After much hand-wringing and negotiation, the EU has finally agreed on a framework to go ahead with the ‘Galileo’ program, a $5 billion satellite navigation system which it says will give it “strategic independence” from the US.
Friday in Brussels ministers announced that work on the system, which is designed to rival the US-owned Global Positioning System (GPS), will finally begin after five years of delay. The announcement caught some off guard because many had assumed the project was dead on arrival. According to the ministers, the system will be operational by 2013.
The decision is important for a few reasons. The fact that GPS, which is the only satellite navigation system now available to consumers, businesses, militaries or governments, is controlled by the US government meant that the US can deny other country’s access to it at any time. As the world’s militaries have become more and more reliant upon global positioning, the potential problems of this system being owned and run by the US military have become glaringly obvious.
The second reason the decision is important is because it highlights some of the problems with the functionality of the GPS system itself. The Galileo system would be more precise for consumers, who use the system for satellite navigation systems in their cars or on their mobile devices, as well as providing more accurate reading in very high or very low altitudes.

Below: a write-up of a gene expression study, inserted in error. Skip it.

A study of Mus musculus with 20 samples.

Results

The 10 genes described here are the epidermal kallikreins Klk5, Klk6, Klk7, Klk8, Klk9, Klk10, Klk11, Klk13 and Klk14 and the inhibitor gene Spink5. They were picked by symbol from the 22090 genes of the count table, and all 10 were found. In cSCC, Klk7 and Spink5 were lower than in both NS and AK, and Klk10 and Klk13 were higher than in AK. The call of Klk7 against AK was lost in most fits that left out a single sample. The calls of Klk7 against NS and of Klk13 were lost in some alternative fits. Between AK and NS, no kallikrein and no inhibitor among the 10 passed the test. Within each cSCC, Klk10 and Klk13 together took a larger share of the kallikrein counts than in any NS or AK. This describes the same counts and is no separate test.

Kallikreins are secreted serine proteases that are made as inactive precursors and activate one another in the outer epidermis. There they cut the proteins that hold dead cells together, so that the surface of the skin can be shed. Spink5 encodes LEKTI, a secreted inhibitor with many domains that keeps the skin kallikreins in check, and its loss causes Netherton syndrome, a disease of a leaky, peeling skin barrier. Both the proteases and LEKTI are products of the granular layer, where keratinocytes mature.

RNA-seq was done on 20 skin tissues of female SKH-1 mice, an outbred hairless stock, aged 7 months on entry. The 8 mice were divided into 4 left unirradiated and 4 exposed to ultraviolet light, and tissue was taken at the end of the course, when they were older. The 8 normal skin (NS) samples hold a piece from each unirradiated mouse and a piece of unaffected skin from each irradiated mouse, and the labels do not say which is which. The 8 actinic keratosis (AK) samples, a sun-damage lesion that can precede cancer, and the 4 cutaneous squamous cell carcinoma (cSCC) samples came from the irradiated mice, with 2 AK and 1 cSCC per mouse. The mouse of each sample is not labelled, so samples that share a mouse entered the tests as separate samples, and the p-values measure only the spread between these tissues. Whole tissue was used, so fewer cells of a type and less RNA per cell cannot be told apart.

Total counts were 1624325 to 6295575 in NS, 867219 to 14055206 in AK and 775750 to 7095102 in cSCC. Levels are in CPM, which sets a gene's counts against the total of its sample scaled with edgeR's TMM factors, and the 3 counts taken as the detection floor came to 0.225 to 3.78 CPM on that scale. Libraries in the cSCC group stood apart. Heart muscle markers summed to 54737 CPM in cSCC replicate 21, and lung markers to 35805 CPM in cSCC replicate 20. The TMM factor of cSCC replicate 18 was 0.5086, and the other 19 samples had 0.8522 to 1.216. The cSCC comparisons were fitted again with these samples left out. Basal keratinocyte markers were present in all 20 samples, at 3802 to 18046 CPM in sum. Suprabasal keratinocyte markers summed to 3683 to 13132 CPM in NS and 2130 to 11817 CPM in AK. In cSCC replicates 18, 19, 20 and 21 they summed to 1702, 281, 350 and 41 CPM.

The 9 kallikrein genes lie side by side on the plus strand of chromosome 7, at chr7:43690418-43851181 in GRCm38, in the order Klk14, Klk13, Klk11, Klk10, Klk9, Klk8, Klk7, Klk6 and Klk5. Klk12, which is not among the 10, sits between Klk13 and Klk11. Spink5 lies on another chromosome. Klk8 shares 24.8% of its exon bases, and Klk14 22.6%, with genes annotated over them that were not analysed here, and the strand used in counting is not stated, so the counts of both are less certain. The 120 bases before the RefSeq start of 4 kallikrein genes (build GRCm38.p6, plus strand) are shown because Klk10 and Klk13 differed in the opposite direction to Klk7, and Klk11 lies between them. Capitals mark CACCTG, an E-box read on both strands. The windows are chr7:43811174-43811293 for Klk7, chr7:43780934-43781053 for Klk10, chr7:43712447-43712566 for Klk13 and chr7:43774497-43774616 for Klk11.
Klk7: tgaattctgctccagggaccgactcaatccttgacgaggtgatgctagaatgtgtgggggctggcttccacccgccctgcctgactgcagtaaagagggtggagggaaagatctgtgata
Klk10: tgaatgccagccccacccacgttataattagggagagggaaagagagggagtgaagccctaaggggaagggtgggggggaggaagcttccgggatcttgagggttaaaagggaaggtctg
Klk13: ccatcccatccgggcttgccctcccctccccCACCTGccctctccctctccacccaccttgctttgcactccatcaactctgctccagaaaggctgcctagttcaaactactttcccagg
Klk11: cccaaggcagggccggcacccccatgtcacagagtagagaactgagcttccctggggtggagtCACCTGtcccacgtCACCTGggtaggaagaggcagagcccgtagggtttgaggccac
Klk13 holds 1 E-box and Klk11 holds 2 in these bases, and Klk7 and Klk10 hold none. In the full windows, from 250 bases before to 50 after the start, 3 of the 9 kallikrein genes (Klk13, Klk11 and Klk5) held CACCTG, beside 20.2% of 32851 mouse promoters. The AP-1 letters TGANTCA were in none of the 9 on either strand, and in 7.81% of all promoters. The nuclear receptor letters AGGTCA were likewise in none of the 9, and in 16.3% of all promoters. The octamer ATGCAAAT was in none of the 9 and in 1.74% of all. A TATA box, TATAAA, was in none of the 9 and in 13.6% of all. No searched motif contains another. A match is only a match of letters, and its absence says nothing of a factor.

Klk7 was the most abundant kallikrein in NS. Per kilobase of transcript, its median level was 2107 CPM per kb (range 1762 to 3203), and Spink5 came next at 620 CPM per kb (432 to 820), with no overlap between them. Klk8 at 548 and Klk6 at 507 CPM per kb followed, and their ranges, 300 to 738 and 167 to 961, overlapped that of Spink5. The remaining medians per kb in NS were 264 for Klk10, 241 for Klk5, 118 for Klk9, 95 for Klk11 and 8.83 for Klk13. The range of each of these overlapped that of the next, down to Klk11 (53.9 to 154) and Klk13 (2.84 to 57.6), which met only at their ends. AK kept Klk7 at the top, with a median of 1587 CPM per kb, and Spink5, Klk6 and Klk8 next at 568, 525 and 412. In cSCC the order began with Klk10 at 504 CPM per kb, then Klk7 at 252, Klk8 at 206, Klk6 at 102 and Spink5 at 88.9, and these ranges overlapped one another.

Of course, which of these reasons was the main motivator for the project depends on who you ask. The UK, which is sensitive to any perceived European military rivalry with the US because of the “special relationship,” has insisted all along that Galileo is a purely commercial system, evidenced when a UK spokeswoman told the Financial Times this weekend, “"Galileo is a complement to GPS rather than a replacement.”
Contrast that with comments by Günter Verheugen, vice-president of the European Commission, to the same paper: "The main reason [for Galileo] is strategic independence. It should have been made clear from the beginning. It is a system that nobody can deny us and will always work. We have guaranteed access."
The US has always insisted that it would never turn off or block access to its GPS system, even in a time of war, but the number of people who believe that is basically zero, especially when it isn’t in writing.
Incidentally, remember my frustrations with the GPS system on my Nokia phone that I bought shortly after I moved here? Well I did a software upgrade last week and suddenly the satellite can locate me instantly, without having to keep the phone still, even indoors! No more getting lost for this guy.